Crusade Vs. Jihad: Which Is Worse?

12/19/2011 06:15 pm ET | Updated Feb 18, 2012
  • Jay Rubenstein Associate Professor of Medieval History, University of Tennessee, MacArthur Fellow

The First Crusade (1096-1099) spawned horrors the likes of which none of the crusaders had ever experienced. And they were horrors of their own making. Of the massacre in Jerusalem, a contemporary observed, "The knights could hardly bear it, working as executioners and breathing out clouds of hot blood."

Particularly during the sieges of Antioch, Ma'arra, and Jerusalem, whose populations were brutally massacred, the First Crusaders themselves believed that they had exceeded all the norms of medieval warfare, and the evidence supports them. Even the most brutal sieges of the day ended in mass enslavement of city populations, not in mass murder.

The observation is simple enough, but for modern, Western audiences, it inevitably raises a question (one I have gotten several times on these very pages, in fact): What about Muslim atrocities? Weren't the Muslims just as bad? After all, the Holy Land had once been thoroughly Christianized. What became of those Christians? Surely the Muslim conquests were just as brutal as the crusades?

The short answer is, "No." But, let me explain:

The spread of Islam in the seventh and eighth centuries C.E. is one of the most astonishing events in history. What started in 622 C.E. (year 1 of the Muslim calendar) as an obscure desert religion on the Arabian Peninsula, 150 years later had established its rule over 5,000,000 square miles of earth. They termed these conquests "jihad," which we often translate as "holy war," though "struggle" would be a more accurate rendering.

Most of these conquests occurred at the expense of two great empires: the Perisan Empire to the east of the Arabian deserts, and the Byzantine (or Eastern Roman) Empire to the west. Not coincidentally, these two powers had been engaged in a long and brutal series of wars against one another. Jerusalem, the eventual target of the crusade, changed hands twice during these conflicts.

The importance of the Byzantine-Persian wars in connection with Islam is twofold. First, at the time of the Islamic expansion Byzantium and Persia were hardly at the height of their powers. Their conquest proved much easier than otherwise would have been the case. Second, given the incredible instability that these two great empires had generated, their subjects had very little reason to be loyal to them. Islam might even bring to these lands greater stability--which, in fact, it did.

A similar observation might be made about Muslim expansion into Visigothic Spain, plagued by civil wars in the decades preceding the advent of Islam in 711 C.E.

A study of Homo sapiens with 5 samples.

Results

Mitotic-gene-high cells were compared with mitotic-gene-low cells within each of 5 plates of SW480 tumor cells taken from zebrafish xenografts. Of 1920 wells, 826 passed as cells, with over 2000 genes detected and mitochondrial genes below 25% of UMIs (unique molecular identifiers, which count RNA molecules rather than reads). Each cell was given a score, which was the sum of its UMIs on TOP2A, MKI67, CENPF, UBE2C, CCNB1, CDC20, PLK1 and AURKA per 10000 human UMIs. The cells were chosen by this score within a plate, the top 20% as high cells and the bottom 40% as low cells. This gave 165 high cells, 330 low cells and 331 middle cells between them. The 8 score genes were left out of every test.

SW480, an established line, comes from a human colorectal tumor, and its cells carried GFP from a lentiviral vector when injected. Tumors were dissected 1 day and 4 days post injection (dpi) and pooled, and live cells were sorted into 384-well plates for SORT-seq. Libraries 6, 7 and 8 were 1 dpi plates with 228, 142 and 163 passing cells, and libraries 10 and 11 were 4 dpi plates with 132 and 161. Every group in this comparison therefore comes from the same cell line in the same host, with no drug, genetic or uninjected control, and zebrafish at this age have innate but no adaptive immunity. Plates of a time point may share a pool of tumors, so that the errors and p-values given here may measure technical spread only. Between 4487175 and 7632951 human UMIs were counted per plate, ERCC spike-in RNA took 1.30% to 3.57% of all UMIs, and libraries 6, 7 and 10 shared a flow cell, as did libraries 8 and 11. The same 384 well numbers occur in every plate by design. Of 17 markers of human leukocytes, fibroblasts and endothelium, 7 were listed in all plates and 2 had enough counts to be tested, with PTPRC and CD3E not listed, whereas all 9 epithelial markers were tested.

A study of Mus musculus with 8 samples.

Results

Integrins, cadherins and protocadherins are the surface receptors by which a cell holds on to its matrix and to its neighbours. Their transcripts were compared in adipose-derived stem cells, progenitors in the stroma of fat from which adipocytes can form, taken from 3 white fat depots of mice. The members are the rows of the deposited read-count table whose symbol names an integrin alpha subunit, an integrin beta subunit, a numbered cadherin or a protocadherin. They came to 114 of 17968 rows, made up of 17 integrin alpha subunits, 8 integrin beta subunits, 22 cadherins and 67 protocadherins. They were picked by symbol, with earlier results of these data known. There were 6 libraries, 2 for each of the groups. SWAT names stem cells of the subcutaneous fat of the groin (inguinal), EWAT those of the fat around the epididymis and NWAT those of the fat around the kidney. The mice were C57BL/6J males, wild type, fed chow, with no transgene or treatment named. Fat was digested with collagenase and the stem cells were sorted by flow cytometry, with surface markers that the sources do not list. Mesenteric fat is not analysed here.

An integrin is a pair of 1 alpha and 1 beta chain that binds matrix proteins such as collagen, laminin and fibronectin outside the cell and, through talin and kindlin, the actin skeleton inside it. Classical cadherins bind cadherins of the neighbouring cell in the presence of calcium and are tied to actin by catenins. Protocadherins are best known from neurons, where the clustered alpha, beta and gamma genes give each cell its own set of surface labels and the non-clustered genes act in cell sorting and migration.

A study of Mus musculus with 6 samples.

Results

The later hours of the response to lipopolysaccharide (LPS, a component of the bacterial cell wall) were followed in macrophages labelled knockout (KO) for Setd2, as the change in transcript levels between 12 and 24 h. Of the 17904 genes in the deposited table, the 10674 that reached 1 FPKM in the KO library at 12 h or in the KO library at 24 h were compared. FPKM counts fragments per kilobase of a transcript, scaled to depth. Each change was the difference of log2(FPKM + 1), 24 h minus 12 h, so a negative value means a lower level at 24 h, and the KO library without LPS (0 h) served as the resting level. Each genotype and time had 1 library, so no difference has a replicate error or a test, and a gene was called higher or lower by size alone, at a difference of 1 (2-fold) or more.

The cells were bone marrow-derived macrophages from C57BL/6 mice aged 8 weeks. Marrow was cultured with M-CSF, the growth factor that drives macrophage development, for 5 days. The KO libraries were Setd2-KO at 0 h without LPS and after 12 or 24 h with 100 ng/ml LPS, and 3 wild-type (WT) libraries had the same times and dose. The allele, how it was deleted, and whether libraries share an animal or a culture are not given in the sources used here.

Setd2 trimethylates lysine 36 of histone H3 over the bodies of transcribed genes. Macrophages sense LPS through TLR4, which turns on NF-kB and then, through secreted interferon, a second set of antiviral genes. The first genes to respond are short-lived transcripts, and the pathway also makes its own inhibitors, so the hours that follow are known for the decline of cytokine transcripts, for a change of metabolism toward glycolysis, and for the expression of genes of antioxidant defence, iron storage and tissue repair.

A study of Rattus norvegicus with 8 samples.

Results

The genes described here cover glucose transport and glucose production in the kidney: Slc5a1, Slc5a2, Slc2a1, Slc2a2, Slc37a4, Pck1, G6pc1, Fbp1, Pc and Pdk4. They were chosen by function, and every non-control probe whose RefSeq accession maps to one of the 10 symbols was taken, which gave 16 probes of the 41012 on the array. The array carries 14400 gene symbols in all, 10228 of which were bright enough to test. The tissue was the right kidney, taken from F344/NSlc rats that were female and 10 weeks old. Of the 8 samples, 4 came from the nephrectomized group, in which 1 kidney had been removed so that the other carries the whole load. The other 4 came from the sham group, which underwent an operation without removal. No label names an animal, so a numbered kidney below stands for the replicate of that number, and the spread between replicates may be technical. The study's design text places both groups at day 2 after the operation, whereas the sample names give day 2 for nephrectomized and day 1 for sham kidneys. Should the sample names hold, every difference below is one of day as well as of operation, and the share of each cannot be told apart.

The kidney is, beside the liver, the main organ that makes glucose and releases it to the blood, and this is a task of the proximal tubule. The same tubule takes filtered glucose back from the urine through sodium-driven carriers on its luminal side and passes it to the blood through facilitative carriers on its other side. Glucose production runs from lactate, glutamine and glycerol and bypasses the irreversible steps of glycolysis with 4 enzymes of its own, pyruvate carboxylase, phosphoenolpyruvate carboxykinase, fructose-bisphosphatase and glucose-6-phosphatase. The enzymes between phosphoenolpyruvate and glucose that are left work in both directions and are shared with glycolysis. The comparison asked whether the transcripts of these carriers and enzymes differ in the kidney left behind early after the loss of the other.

What became of all the Christians in the conquered territories? For the most part, they stayed put. The Muslims established themselves as governmental leaders, but did not try to forcibly convert their subjects, particularly the Christians and Jews who, in Muslim eyes, had received elements of the same monotheistic revelation that had inspired their faith.

Christians and Jews also paid a public head tax from which Muslims were exempt. Thus from a purely mercenary perspective, Muslim rulers had an actual disincentive to try to convert them--let alone kill them. Christians and Jews, the dhimmi as they were known, provided valuable revenue. Conversion to Islam eventually did occur, but it was a gradual process, not as rapid as the growth of Islamic government.

In other words, the spread of Islam was a very different affair from the crusades. The crusaders aimed to recapture a sacred place from a religion that they barely understood and that they viewed as fundamentally evil. Muslims built an empire.

That is what made the crusaders and their scorched-earth piety so shocking. Here were Christian armies who heedlessly slaughtered entire populations, not in spite of their religion but because of it. After the First Crusade ended, and once the Christians began trying to build settlements in the Middle East, their attitudes necessarily changed. But the crusade itself had introduced into the region a sort of total religious warfare that had not been seen since Old Testament days.

And the Muslims did not forget. In 1187, the Muslim general Saladin seriously considered refusing an offer of surrender from Jerusalem. The reason? He wished to apply the same rough injustice to the Christians there that they had meted out to Islam in 1099. He showed mercy only after the Franks threatened to massacre all of their prisoners and to destroy the city's Islamic holy sites.

The earliest stories of Muslim atrocities committed against Christians, comparable to the First Crusade, in fact, did not occur until the end of the thirteenth century. At that time, the Mamluks (a warrior slave class who became rulers of Egypt) drove the crusaders out of the Middle East, destroying their world one city at a time.

Contemporary descriptions of the 1291 fall of Acre ("Akko" in modern Israel) easily rival any of the horrors of the First Crusade. The Mamelukes made grisly displays of prisoners' severed heads. They won offers of surrender from thousands of the besieged and then reneged on their promises--beheading the men and enslaving the women and children. Eventually they destroyed the city altogether, its ruins still being dug out today from beneath the Bedouin city that grew up its place. With an unrelenting and merciless savagery, driven by a fanatical sense of religious mission, the Mamluks sought to purge the Holy Land of all Christians.

In short, they acted like a bunch of crusaders.